When members of Baltimore County's tactical unit burst into a Reisterstown home this summer, they were looking for potentially armed suspects in the attempted murder of a 15-year-old boy. But in the chaos of the raid, Officer Carlos Artson shot and killed the home's owner — who was not a suspect — after he thrust a large sword at the officer, police said.
That raid — and its outcome — mirrored a 2005 Baltimore County police action, in which officers equipped with a battering ram and flash grenades stormed into a Dundalk home to search for drugs. In an upstairs bedroom, a 44-year-old woman pointed a revolver at Artson and he fired three rounds, killing her.
A police review and a civil judge cleared Artson of any wrongdoing in the 2005 shooting; he has returned to his unit after a departmental review of this summer's raid. But both fatalities — victims who were not the targets of investigations — highlight the potential dangers for officers and the people inside homes targeted by tactical entries.
Although deaths mark a small percentage of the more than 1,600 tactical deployments conducted each year in Maryland, critics say that such raids have become too common and that the units should receive greater public scrutiny.
"SWAT teams are very traumatic. It's not the same thing as having an officer come to your door," said Berwyn Heights Mayor Cheye Calvo, the target of a misguided raid in July 2008.
Sheriff's deputies burst into his home with automatic weapons, handcuffing him and fatally shooting his two dogs. A review of the raid found that police targeted Calvo's home after drug dealers sent a package of marijuana to him and other unsuspecting homeowners; the dealers hoped to collect the packages before the homeowners did.
Calvo was cleared of any wrongdoing, and a lawsuit against Prince George's County was settled for an undisclosed amount.
That highly publicized incident prompted state legislators to require police departments to submit data every six months on tactical deployments, starting in 2010. But Calvo and others say the data is not thoroughly analyzed, so it's difficult to determine patterns and problems. Calvo notes, for example, that Howard County reported a 72 percent increase in the use of tactical units from calendar year 2010 to 2011, though the increase is not apparent in the state compilation, which is based on a fiscal year.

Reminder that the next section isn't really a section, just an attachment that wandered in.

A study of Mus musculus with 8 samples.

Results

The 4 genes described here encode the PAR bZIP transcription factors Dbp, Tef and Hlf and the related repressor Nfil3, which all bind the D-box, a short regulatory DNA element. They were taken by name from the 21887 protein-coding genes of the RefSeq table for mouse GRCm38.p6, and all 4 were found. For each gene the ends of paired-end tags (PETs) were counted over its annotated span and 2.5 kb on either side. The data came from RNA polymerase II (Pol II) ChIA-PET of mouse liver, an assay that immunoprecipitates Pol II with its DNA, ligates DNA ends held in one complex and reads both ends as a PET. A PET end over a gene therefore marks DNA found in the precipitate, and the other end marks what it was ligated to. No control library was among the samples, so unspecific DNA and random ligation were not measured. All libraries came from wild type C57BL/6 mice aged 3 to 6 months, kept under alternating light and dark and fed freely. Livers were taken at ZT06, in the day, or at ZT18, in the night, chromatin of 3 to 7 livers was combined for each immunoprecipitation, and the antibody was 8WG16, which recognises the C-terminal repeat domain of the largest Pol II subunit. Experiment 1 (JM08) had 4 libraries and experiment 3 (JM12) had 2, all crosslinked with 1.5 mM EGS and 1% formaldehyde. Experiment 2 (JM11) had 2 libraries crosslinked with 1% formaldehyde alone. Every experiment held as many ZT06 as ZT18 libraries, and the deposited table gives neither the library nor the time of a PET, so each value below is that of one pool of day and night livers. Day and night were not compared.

Police officials say such deployments provide the safest option, especially when dealing with potentially armed and dangerous suspects.
"In general, tactical units are used for high-risk warrant services," said Cpl. Cathy Batton, a Baltimore County police spokeswoman. She would not comment on the Reisterstown raid, saying the warrant was sealed. She said, "It's not just officer safety, it's the safety of everyone involved," adding that officers get highly specialized training to handle potentially volatile situations.
Capt. John McKissick, commander of the Special Operations Bureau in Howard, said, "These numbers tend to fluctuate," so it is difficult to draw conclusions from only two years of data. He added that the county has reported fewer deployments for the first six months of 2012 than in the same period last year.
Tactical units frequently force their way into homes, sometimes without announcing their presence. The teams were created to handle particularly dangerous situations, such as serving warrants on violent offenders or drug gangs, and dealing with hostage or barricade incidents. Many carry high-powered rifles, and they typically are outfitted with bullet-resistant vests, helmets and shields.
According to the most recent report from the Governor's Office of Crime Control and Prevention, total deployments rose marginally, from 1,618 to 1,641, from fiscal 2010 to 2011. The Prince George's County Police Department had the most, with 343 deployments, followed by Baltimore City with 289, Montgomery County with 139, and Baltimore County with 120.
In each of the two years that the reports have been issued, deployments resulted in a civilian death and more than a dozen injuries. A handful of animals were killed or injured as well.
"On the face of it, with that many involvements from the SWAT Teams, while nobody wants to take a life at all, that doesn't seem like an alarming number [of fatalities] considering the type of people that they're dealing with," said L. Douglas Ward, director of the Division of Public Safety Leadership within the Johns Hopkins University School of Education.
He urged further study, however, to find out "what's behind the numbers," including whether the injured were on the attack when they were hurt, or simply innocent bystanders.